Midwest Economics Association Meeting, March 2024

March 29, 2024
PhD student Jonghoon Shin, presented at the MEA meeting regarding his research in climate change and agricultural production.

AEDE graduate students had the opportunity this past week, March 21–22, to present at the Midwest Economics Association's annual meeting in Chicago, IL. This annual meeting is an opportunity for midwest economists to expose their work and communicate with each other face-to-face.

The Midwest Economics Association (MEA), a non-profit organization whose purpose is the advancement of economic knowledge and the economics profession, hosted the meeting.

This year, several AEDE graduate students had the opportunity to present on different topics with other economists and fellow students. The graduate students who had the opportunity to present were Alex Ryan, Yixuan Wang, Kunxin Zhu, Hyeseon Shin, Jongeun Park, Jonghoon Shin, and Minseong Kang

PhD student Jonghoon Shin had the opportunity to present at the MEA meeting and found it incredibly rewarding to hear constructive feedback from experts, which he sees as instrumental to refining his research. Jonghoon said that what he will really take away from the event is, “Engaging in discussions about my work allowed me to gain diverse viewpoints, enhancing my approach to research. This experience underscored the importance of cross-disciplinary conversations in fostering creativity and development.”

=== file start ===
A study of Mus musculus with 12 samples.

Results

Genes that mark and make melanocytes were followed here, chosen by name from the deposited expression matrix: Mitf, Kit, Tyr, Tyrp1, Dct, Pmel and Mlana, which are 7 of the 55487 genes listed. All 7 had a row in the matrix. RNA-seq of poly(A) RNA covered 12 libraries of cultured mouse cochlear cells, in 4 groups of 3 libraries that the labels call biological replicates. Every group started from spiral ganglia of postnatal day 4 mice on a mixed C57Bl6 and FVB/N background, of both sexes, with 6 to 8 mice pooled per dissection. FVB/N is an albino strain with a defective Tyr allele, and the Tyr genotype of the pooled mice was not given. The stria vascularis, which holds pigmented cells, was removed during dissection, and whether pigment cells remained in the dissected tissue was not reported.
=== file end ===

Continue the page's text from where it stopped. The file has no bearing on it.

Jonghoon would encourage future students to present their work, even if they believe their results are preliminary, because the process of presenting research is a great way of learning and developing their skills, stating, “The process of preparing and presenting your research can be incredibly educational. Additionally, take the opportunity to engage with the numerous scholars in attendance. Conversations with them can offer valuable insights and broaden your academic perspective.”

To learn more about Jonhoon’s presentation and what he presented, here is a short abstract of his research.

In Nigeria, maize stands central to both the national diet and agricultural production, with smallholder farmers shouldering the majority of its cultivation. However, the increasing severity of climate change, marked by more frequent and prolonged extreme weather events, presents significant threats to their agricultural endeavors. Through an extensive randomized controlled trial in Nigeria, this research dissects two central themes: (1) Does training farmers on the optimal use of stress-tolerant seeds and access to index insurance bundled with a production loan affect their investments in said seeds? (2) Does access to this bundle of agronomic and financial products result in improved resilience and productivity for smallholder farmers?